Diabetes Health

Weighing the Benefits of New Diabetes Technology

Newfangled devices make it easier than ever to monitor blood sugar, but an analysis of more than 30 studies suggests that newer isn't necessarily better in terms of blood sugar control.

Photo of a woman talking with her doctor

At issue are continuous glucose monitors and insulin pumps. A continuous glucose monitor is placed under the skin to help someone with type 1 or type 2 diabetes track blood sugar levels throughout the day. Insulin pumps are also placed under the skin and replace the need for daily insulin injections.

People with diabetes who take insulin must track their blood sugar to ensure that their body maintains a healthy blood sugar level. Too much or too little insulin can cause unhealthy blood sugar levels and result in complications such as dizziness or kidney and heart disease.

Daily monitoring

To manage their blood sugar, people with diabetes must monitor it several times a day. Usually, this means pricking a finger to draw blood. The drop of blood is then placed on a test strip and inserted into a blood glucose monitor. Continuous glucose monitors don't replace traditional finger-stick blood testing, but they do cut the number of tests needed.

But the devices - in combination or alone - don't seem to give any better control over blood sugar than more traditional methods. Researchers came to that conclusion after comparing A1C levels of people with diabetes. A1C levels provide a two- to three-month snapshot of blood sugar control.

"We found similar levels of glycemic control and hypoglycemia [low blood sugar] when we compared insulin pumps versus multiple daily injections," says study author Sherita Hill Golden, M.D., at Johns Hopkins University School of Medicine.

Pumps do help

Dr. Golden says that people who use an insulin pump did report a somewhat better quality of life. She also says that people with type 1 diabetes who used a pump did slightly better than people who used other methods.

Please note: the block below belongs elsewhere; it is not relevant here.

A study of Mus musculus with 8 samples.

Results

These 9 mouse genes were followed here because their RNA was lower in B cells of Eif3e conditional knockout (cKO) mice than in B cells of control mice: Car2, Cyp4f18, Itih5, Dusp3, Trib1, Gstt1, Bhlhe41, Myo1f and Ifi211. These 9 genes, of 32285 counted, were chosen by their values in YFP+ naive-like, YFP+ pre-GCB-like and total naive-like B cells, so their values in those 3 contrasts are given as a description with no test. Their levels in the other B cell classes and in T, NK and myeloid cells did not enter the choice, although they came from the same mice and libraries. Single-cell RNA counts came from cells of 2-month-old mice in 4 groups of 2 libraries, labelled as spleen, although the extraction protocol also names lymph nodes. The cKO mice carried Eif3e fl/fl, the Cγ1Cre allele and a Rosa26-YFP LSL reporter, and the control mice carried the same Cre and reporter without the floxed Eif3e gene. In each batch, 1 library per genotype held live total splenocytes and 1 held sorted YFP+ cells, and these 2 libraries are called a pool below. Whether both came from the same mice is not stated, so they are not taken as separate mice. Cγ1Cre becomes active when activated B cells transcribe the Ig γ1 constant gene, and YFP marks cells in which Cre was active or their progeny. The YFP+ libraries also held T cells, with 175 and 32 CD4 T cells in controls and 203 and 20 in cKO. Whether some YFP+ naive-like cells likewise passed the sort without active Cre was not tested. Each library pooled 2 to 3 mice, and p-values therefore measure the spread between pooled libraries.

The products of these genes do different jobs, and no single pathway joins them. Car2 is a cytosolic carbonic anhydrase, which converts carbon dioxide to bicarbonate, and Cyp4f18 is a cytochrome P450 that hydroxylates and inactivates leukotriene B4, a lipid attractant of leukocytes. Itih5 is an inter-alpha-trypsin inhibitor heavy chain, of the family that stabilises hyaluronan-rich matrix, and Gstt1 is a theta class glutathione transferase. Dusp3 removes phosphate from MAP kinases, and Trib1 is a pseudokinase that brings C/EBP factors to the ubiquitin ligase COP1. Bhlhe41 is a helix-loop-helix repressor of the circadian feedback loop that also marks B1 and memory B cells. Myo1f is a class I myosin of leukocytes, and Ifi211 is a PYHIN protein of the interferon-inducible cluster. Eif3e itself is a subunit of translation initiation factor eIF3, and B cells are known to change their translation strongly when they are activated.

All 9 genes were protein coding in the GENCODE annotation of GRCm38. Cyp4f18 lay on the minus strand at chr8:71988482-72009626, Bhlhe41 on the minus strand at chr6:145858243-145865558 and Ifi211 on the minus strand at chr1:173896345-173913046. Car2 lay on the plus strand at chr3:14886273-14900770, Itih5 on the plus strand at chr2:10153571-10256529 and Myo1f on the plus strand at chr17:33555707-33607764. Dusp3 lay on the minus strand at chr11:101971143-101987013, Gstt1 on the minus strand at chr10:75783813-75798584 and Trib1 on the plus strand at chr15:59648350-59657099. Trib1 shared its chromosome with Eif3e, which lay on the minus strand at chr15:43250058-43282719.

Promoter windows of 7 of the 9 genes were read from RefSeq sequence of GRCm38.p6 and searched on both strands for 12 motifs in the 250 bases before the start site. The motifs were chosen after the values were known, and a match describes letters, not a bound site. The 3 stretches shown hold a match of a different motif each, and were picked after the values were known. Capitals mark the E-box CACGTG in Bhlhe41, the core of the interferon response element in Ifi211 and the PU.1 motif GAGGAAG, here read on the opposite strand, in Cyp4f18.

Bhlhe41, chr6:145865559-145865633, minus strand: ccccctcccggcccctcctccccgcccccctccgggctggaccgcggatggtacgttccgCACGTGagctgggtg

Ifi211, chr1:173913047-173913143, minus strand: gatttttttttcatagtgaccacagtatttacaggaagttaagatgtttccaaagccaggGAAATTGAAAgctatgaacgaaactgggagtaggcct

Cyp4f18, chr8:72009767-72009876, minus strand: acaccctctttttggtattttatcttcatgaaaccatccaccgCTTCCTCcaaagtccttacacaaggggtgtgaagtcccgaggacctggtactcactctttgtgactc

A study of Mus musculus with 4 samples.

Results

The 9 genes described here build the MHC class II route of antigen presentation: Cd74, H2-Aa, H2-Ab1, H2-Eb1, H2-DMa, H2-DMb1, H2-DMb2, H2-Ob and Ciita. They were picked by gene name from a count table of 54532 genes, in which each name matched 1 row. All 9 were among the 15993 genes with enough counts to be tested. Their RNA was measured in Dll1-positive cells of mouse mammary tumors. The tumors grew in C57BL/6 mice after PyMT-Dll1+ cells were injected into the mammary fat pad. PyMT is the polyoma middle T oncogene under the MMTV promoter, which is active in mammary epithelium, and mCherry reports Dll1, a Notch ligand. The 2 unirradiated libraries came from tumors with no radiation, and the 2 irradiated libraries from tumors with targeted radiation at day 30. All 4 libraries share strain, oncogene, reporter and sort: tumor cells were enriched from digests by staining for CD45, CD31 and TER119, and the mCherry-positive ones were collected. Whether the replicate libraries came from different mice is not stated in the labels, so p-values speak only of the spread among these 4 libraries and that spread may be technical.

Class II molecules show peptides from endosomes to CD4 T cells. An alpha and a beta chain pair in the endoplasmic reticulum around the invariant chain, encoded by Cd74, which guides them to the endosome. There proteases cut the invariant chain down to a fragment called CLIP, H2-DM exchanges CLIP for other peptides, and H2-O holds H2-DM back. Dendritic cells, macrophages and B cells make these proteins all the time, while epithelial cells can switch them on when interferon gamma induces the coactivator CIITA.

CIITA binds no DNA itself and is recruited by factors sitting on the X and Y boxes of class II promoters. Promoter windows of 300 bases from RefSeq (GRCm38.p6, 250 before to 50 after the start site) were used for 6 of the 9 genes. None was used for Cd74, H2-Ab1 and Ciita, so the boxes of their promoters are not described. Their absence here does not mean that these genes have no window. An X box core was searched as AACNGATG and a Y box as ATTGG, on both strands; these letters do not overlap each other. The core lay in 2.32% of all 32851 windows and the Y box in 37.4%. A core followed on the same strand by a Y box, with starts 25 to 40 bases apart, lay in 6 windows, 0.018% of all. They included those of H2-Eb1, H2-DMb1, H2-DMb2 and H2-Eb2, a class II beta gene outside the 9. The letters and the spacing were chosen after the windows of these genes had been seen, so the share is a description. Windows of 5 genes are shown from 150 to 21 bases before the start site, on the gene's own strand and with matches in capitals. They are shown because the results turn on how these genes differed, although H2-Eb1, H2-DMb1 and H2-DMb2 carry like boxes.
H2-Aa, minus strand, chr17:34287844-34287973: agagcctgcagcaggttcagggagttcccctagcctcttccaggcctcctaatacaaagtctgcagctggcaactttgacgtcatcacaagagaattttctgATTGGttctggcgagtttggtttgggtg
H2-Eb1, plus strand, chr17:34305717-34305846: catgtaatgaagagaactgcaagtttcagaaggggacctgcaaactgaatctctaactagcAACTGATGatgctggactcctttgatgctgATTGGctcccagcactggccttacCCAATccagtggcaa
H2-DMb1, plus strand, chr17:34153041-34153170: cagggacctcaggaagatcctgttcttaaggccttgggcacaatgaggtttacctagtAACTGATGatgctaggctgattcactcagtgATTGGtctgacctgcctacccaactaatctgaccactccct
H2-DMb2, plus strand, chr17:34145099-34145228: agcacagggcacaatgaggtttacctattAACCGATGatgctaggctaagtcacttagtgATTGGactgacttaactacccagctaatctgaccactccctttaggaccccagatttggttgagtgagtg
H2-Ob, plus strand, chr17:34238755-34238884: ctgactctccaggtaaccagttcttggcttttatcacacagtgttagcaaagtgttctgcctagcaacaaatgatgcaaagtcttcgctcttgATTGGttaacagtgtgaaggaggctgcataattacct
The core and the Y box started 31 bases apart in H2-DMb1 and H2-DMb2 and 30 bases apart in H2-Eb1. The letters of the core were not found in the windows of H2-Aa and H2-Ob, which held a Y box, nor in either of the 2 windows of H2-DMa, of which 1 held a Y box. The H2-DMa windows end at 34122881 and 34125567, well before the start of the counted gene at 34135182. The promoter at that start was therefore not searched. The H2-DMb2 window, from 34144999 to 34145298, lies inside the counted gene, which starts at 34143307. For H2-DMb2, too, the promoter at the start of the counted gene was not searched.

Results showed only a 0.10 percent drop in hemoglobin A1C levels among children and adolescents who used a pump compared with multiple shots. This difference is so slight as to be insignificant.

In adults, the researchers found the drop in A1C was 0.30 percent for those on a pump compared with those on shots. They didn't find any significant difference in the risk for severe hypoglycemia between the two.

Comparable numbers

When continuous glucose monitors were compared with individual blood-glucose monitoring, A1C levels were lowered by 0.26 percent without increasing the risk for severe hypoglycemia. And, the sensor-augmented pump - a device that combines the two technologies - reduced A1C levels by 0.68 percent in people with type 1 diabetes.

Dr. Golden says the main factor in whether the new technology helped was how consistent the person was in using it.

The analysis had some limitations. The studies looked at were small, and some of the insulin pump studies used a different type of insulin from what is now commonly prescribed.

The study was published in the Annals of Internal Medicine.

Always talk with your health care provider to find out more information.

Online Resources

(Our Organization is not responsible for the content of Internet sites.)

American Diabetes Association - Insulin Pumps

CDC - Blood Glucose Monitoring and Insulin Administration

National Institute of Diabetes and Digestive and Kidney Diseases - Continuous Glucose Monitoring

September 2012

When Blood Sugar Levels Get Out of Control

The main goal of diabetes treatment for both type 1 and type 2 diabetes is to keep blood sugar levels as close to normal as safely possible. Some people need medication, such as insulin shots, injected medicines, or pills. If you have diabetes, you need regular screening tests for possible complications.

Low blood sugar

Low blood sugar is also called hypoglycemia. It can happen when you have an imbalance between the calories you eat and the calories you burn during exercise. You can develop low blood sugar if you eat less than planned or exercise more than planned. Hypoglycemia can be serious if not treated quickly.

High blood sugar

High blood sugar is called hyperglycemia. This can happen if you eat more than planned or exercise less than planned. It's also possible if you have an illness, such as a cold or flu, or extreme emotional stress; or if you don't take your medications correctly. Your doctor can treat hyperglycemia by adjusting your meal plan or medication, or by having you exercise more.

Complications of prolonged high blood sugar

Hyperglycemia that continues for years can cause serious complications, including an increased risk for heart attacks and stroke, kidney failure, circulatory problem and nerve damage. These can lead to amputations, eyes disorders, skin disorders, and gum disease.

Always talk with your health care provider to find out more information.